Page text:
Everything you need to get started in day trading can be found here in this excellent day trading system. Enjoy!


Limited Availability - click the link below to reserve your copy NOW!


Day Trading Course # 1

What is a Market

A market is any arena in which buyers and sellers meet in order to try and exchange their requirements. Day traders, of course, are interested primarily in stock markets, which may actually be the most 'perfect' of all markets, due to the extremely large number of participants, and the (generally) strict regulatory control imposed by higher bodies. The instruments which are traded on markets include stocks & shares, bonds, options, contracts and other derivatives. It is possible to day trade any of the instruments that comprise a market, or even an 'index' of the whole market, a single instrument which reflects an overall fair value of all the market's components. Some instruments are 'liquid' (i.e. heavily traded), some are 'illiquid' (i.e. thinly traded). As a principle, it is best to avoid trading illiquid instruments, as you will have trouble getting fills at decent prices. Market indexes, almost by definition, are liquid and therefore suitable for day trading.Once you have found a suitable day trading brokerage, what do you do next? Study the competition - who else is trading!

The participants of a market are many and varied, and range from people like you (day traders), trading for themselves, all the way up to billion dollar funds managed by major corporations operating on annual timeframes. To trade a market requires a day trading account of some kind. Nowadays, most individuals who want to trade use online services, which allow them to place their orders over the Internet. More recently, a number of 'spread betting' companies have appeared, who offer similar facilities to day trade the markets, although their services are regarded as betting, and hence avoid a number of regulatory and tax issues.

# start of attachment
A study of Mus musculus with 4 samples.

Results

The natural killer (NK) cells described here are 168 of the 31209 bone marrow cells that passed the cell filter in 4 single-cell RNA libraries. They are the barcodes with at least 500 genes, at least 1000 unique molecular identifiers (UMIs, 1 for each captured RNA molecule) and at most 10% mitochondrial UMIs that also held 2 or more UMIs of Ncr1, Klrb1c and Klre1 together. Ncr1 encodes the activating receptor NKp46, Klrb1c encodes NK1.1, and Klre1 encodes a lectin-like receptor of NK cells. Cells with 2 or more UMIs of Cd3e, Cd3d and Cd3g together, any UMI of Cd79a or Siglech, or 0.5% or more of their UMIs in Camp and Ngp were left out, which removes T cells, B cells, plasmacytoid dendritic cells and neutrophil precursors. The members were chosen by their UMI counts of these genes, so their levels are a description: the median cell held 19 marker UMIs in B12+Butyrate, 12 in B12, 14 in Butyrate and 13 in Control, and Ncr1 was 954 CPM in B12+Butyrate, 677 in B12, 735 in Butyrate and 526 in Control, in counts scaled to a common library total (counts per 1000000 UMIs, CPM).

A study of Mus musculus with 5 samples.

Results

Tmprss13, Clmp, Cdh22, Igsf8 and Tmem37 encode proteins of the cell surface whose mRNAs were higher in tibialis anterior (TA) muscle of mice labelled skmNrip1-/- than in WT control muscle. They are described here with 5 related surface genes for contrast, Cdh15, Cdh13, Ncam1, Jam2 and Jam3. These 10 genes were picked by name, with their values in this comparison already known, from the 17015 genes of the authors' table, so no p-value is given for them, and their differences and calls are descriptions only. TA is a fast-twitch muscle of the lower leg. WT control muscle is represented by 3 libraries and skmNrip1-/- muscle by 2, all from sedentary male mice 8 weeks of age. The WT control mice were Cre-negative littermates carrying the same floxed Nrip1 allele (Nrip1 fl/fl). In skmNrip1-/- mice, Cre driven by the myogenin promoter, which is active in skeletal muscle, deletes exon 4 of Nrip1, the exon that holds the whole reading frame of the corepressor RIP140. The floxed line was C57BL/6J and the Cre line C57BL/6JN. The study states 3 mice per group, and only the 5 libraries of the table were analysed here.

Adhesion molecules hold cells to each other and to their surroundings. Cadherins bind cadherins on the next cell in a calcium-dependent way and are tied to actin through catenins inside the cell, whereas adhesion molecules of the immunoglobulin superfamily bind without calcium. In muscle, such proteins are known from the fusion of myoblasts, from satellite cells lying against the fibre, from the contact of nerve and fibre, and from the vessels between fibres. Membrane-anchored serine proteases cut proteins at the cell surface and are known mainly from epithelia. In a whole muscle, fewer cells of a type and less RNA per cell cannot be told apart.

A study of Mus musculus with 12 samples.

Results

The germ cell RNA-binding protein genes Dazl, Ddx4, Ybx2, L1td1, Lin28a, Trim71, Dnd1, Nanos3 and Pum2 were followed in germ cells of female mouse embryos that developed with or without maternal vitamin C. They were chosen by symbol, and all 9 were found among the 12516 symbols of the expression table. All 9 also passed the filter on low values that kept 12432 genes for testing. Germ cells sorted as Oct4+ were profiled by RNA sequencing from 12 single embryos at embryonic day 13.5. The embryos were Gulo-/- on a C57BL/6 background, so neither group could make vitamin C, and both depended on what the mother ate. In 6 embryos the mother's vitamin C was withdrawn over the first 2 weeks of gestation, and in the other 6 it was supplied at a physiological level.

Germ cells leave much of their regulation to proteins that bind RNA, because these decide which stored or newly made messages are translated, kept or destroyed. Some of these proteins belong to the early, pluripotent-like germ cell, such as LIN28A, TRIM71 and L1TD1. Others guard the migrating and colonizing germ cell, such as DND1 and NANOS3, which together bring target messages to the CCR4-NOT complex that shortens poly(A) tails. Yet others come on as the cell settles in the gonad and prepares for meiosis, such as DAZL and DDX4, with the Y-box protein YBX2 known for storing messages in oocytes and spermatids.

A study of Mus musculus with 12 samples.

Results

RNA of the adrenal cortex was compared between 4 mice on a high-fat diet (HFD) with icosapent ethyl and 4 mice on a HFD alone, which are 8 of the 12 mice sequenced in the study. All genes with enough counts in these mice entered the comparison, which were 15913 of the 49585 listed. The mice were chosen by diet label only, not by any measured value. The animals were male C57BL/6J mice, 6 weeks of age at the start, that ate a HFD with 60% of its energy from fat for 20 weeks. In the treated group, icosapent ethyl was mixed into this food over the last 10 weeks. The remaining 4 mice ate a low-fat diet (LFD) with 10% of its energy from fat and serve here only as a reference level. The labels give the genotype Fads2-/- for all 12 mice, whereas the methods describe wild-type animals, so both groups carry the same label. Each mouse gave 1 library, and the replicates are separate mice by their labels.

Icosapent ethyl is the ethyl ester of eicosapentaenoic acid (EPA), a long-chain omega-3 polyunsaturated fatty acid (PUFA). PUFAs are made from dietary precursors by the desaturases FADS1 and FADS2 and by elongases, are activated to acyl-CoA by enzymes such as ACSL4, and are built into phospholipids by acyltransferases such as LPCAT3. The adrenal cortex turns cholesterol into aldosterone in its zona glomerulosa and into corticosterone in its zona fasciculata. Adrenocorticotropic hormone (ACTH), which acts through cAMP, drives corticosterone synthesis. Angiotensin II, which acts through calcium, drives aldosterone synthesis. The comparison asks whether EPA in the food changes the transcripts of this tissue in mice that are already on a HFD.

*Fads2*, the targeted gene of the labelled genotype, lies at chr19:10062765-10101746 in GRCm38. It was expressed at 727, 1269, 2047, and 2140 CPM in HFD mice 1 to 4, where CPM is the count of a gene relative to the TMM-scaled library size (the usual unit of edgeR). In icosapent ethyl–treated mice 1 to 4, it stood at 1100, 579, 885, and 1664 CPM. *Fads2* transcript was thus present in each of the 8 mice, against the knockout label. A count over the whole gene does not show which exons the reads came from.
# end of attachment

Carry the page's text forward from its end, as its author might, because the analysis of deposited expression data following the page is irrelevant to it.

Who controls the market

The established bodies who make millions everyday have a vested interest in convincing us of two things. Firstly that the markets are fair, simply reflecting the undeniable laws of supply and demand, and that secondly, over time, all markets tend to rise. In direct opposition to this you may have come across individuals who appear paranoid, claiming that 'the markets are rigged by the big boys' or even that 'the market itself is out to get me!'. Such outbursts should be taken with a pinch of salt. Even the biggest banks in the world can only maintain a tenuous grip on something as large and powerful as a stock market. The fact that since 2000, ALL the major banks have been wildly off in their predictions for where the markets will end the year indicates that they have no better idea of where it is going than you or I.In fact, in 2002, the BEST any major bank could do was to be about 40% off the actual year end prices. Not particularly tight contol, is it?

As for markets always rising over time, the answer is a guarded 'yes'. The general rise in markets seems to be a reflection of the increase in human economic activity, and over the last few hundred years, that economic activity has increased exponentially. As world economies boom and bust, stock markets go with them. The relationship, of course is not as simple as this, but nevertheless, there are good arguments for saying that over time, markets tend to rise. From a day trading perspective, whether a stock market rises or falls is irrelevant, as we trade both long and short.